Dieters Bet On Their Own Weight Loss — And Lose


"When you look at a doughnut, it looks amazing right now." Salim Virji/Flickr hide caption

toggle caption Salim Virji/Flickr

Dieters who place bets on their own weight loss with a London bookie usually wind up losing, according to a recent analysis by two economists.

Nicholas Burger of RAND and John Lynham of the University of Hawaii looked at the results for roughly 50 people who placed bets with William Hill, a company that does a big business taking bets on sports. The weight-loss bets are a small business that the company basically runs for the publicity it generates, the authors say.

William Hill negotiates the terms of each bet with would-be dieters individually. They usually have long odds; the dieters typically stand to win some multiple of the amount they bet.

And they require a lot of weight loss in a relatively short period of time: The average bettor weighed 263 pounds at the outset, and had to get down to 180 in about eight months to win the bet. (There's a lot of variation, but this gives you the general idea.)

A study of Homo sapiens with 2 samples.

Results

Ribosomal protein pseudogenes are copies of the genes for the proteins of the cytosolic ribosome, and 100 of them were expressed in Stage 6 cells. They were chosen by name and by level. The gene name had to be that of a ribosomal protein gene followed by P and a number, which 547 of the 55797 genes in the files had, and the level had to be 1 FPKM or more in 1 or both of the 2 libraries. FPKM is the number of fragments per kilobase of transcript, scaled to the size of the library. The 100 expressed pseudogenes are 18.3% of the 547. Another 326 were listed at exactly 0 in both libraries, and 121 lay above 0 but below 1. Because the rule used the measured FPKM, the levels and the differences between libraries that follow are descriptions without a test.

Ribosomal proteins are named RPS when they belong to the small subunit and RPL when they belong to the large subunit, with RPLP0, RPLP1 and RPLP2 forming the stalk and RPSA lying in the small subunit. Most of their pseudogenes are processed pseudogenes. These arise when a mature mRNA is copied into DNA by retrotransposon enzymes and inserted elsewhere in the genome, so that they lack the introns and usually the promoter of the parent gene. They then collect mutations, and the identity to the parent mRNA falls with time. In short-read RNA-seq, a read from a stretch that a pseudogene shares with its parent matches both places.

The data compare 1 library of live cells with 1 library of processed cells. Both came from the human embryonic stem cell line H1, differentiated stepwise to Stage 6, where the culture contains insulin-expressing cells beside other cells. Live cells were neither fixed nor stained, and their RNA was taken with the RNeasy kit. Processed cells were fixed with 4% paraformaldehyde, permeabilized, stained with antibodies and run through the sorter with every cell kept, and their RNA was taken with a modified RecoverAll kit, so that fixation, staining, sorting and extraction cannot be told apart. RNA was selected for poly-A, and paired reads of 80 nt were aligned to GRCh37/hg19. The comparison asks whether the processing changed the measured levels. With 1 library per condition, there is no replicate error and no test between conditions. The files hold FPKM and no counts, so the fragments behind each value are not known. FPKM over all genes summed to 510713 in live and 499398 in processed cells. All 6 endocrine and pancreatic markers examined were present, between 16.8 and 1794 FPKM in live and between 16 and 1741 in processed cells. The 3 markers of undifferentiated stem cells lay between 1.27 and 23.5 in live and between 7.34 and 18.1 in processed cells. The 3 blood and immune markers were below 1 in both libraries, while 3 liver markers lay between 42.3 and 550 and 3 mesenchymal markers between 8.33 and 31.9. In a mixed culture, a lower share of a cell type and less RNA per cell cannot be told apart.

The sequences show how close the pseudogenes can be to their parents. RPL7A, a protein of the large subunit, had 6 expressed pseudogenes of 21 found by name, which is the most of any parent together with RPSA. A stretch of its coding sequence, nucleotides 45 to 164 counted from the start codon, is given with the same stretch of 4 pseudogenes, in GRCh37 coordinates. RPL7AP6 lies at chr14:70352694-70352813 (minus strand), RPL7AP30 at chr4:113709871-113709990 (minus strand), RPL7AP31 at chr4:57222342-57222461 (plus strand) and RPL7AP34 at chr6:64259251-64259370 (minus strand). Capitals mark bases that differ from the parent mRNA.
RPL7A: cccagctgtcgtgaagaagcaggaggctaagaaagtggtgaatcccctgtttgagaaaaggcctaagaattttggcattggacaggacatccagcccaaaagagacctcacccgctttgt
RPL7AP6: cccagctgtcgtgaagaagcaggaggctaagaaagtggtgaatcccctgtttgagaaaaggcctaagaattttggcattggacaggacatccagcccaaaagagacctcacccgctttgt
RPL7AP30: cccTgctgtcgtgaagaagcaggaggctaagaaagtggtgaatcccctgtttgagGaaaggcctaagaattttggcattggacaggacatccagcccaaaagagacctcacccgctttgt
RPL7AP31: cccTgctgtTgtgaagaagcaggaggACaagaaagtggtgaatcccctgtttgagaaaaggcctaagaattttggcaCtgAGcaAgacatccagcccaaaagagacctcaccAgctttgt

In 80 percent of the cases, the dieters lost the bet, Burger and Lynham found.

These cases are exceptional; it's tough to lose that much weight, that fast. But when I spoke with Burger on the phone this morning, he pointed out that other studies have also shown that financial incentives often fail to help people lose weight.

Economists have looked at programs where people get paid to lose weight. They've tried having dieters put up their own money, which they only get back if they meet certain weight targets. As this paper noted, neither effort worked particularly well.

Part of the problem is that the financial incentives set up for weight loss tend to be long-term, while the temptations that foil dieters are immediate.

"When you look at a doughnut, it looks amazing right now," Burger said.

In general, we tend to underestimate the benefits of things we'll get in the future versus the benefits of things we can have right now. So we eat the doughnut, even if it means we lose out on a long-term financial benefit.

This is the same problem that dieters face even when no money is on the line, Burger said. The benefits of weight loss accrue slowly, and in the long term, while the benefits of the doughnut accrue all at once, and right now.

So maybe some economist needs to figure out a way for a dieter to get paid a few bucks every time he decides not to eat a doughnut.

For more:

  • Two Yale professors created stickK, a Web site that lets people create financial incentives to encourage weight loss and other life changes. Here's an NPR story about the site.
  • Marginal Revolution has been chronicling one high-stakes, two-way weight-loss bet.
  • Obesity is getting more expensive.